Hackers Steal $6 million from Blockchain Music Platform Audius
The decentralized music platform Audius was hacked over the weekend, with threat actors stealing over 18 million AUDIO tokens worth approximately $6 million.
Audius is a decentralized streaming platform hosted on the Ethereum blockchain where artists can earn AUDIO tokens by sharing their music, and users can earn tokens by curating and listening to content.
After a hacker stole $6 million worth of AUDIO tokens this weekend, the platform responded within minutes by freezing several services until the developers could deploy fixes to prevent further theft of tokens.
According to a post-mortem report published by Audius on Sunday, the hacker exploited a bug in the contract initialization code that allowed them to perform repeated invocations of the initialize functions.
This enabled the intruder to transfer 18.5 million AUDIO tokens held by the so-called “community treasury” to their wallet, essentially stealing a significant amount of money and changing the platform’s governance dynamics.
Next, the actor attempted to execute four governance proposals, three of which failed and one passed, transferring the entirety of the Audius community pool to the attacker’s wallet.
As Audius concluded in the post-mortem report, no new tokens were minted, and the incident had no impact on the circulation of token supply. All remaining user funds are now safe according to the platform.
By late Sunday, the AUDIO token was fully functional again, but the “Staking” and “Delegate Manager” smart contract systems have not resumed operation as the fixes are still being evaluated.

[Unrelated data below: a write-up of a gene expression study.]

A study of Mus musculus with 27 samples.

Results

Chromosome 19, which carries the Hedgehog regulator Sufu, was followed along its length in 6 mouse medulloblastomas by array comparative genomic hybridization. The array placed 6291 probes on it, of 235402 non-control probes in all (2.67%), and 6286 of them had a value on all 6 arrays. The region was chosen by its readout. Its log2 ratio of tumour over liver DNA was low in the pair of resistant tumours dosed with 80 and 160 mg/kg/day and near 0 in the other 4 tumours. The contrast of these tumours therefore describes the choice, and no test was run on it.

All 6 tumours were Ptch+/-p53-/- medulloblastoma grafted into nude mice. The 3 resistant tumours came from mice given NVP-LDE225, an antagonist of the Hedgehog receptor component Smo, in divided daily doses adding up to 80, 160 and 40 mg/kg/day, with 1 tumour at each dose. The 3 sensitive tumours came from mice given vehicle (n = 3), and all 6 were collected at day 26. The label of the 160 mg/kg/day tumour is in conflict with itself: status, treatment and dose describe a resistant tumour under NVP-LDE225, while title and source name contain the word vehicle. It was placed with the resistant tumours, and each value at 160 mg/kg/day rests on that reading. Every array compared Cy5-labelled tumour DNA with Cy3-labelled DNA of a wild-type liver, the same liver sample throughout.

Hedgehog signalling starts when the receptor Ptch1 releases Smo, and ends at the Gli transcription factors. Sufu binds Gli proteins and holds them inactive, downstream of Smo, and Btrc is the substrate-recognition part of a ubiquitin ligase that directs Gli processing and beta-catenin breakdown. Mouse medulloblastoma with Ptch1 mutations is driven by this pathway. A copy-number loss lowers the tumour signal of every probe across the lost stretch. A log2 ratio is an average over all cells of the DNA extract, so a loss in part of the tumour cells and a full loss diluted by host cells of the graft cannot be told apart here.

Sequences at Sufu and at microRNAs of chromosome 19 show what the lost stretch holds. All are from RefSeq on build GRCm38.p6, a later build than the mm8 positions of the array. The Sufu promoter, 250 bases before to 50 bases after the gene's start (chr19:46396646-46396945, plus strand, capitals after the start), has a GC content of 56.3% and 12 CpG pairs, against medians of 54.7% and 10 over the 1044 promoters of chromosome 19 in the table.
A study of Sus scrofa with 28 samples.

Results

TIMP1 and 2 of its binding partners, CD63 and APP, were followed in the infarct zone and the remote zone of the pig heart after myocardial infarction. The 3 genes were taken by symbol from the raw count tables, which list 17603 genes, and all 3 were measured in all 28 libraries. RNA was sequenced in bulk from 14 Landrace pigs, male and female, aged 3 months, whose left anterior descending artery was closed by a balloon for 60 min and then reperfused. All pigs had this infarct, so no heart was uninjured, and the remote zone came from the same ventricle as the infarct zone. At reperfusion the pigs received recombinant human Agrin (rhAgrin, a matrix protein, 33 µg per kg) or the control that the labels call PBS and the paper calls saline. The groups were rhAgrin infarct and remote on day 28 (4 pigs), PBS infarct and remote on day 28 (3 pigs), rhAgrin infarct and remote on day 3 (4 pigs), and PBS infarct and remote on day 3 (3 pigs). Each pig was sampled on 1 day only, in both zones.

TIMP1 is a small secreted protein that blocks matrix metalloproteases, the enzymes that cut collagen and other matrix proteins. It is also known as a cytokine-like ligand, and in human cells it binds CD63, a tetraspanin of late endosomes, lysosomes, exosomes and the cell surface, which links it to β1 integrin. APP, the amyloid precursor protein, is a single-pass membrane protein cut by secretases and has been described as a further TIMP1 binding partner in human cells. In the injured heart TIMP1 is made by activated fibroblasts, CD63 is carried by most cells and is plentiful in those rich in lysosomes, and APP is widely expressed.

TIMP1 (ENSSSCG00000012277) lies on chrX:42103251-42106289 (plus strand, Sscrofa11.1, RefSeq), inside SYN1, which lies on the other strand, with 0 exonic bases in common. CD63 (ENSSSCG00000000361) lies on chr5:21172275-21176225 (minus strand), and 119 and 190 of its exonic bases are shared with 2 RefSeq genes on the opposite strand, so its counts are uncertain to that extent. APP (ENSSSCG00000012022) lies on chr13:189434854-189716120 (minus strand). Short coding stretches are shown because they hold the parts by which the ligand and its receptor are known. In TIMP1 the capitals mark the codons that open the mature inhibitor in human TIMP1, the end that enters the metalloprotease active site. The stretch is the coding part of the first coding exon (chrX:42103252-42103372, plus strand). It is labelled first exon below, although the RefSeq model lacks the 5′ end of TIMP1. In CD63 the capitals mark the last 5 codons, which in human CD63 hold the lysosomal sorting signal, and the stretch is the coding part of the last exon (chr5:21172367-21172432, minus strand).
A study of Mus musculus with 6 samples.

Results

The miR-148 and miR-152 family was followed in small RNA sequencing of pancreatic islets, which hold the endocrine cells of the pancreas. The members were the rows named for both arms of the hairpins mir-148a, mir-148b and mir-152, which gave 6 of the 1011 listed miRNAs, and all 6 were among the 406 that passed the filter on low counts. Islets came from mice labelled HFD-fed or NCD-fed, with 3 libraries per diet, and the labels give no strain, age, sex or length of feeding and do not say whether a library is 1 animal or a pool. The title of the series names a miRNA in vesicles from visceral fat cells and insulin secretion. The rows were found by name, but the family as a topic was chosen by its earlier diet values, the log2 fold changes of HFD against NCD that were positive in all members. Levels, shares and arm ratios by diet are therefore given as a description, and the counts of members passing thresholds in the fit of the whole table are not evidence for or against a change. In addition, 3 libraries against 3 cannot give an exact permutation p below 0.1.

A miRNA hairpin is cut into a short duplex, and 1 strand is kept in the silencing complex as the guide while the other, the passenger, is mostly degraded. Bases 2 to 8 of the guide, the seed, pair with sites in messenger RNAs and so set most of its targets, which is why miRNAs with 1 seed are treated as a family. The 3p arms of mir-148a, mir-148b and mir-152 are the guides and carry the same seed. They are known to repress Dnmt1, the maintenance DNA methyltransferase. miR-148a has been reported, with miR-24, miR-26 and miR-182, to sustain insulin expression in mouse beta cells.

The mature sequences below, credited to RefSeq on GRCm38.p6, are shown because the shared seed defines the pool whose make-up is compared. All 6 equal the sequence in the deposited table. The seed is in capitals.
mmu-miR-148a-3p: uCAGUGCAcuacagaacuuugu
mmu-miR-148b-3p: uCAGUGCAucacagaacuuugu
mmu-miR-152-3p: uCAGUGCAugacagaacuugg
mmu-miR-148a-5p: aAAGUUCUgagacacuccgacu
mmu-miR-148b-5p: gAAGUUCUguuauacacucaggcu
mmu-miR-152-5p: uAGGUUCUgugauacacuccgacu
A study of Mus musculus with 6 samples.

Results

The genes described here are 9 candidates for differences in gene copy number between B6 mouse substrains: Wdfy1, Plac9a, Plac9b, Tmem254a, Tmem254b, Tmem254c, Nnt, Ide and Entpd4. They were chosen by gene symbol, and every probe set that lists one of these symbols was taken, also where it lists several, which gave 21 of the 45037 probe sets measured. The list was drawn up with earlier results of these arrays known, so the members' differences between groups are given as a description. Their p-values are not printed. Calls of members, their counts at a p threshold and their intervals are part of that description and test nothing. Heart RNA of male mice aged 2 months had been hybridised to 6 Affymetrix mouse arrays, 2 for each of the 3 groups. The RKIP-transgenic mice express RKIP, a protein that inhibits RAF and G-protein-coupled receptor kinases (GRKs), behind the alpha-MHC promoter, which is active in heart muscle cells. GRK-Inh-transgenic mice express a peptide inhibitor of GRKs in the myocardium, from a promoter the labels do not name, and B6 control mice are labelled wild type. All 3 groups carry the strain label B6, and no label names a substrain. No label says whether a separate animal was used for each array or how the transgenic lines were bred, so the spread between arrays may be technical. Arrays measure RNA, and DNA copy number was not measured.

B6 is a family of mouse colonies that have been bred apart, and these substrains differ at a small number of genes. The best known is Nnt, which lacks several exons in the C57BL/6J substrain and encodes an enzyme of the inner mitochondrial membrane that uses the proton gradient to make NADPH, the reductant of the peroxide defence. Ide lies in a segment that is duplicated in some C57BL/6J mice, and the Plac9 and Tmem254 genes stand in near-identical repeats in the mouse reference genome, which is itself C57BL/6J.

Exploited system was audited twice
Audius’ contract system has undergone two in-depth security assessments in August 2020 and October 2021 from two different auditors, but neither discovered the exploited vulnerability.
“Audits are not bulletproof, and time spent in the market (and the resulting Lindy effect) can help build confidence but does not rule out opportunities for exploitation,” comments Audius in the post-mortem.
“These contracts were deployed in October 2020, and this vulnerability has been live in the wild since that time.”
This is a teaching moment for Audius and other blockchain-based projects, showing that the required audits do not always find all exploitable bugs.
Another point that Audius promised to improve in the future was its incident response, for which several points for improvement were identified.
While the Audius attack was not as large as those on Axie Infinity’s Ronin bridge and Poly Network, where hackers stole over $600 million of tokens from both projects, the hacker still stole a significant number of tokens.
In this case, Audius was lucky that the cyberattack unfolded when most of its team members were awake and could respond quickly to prevent further theft.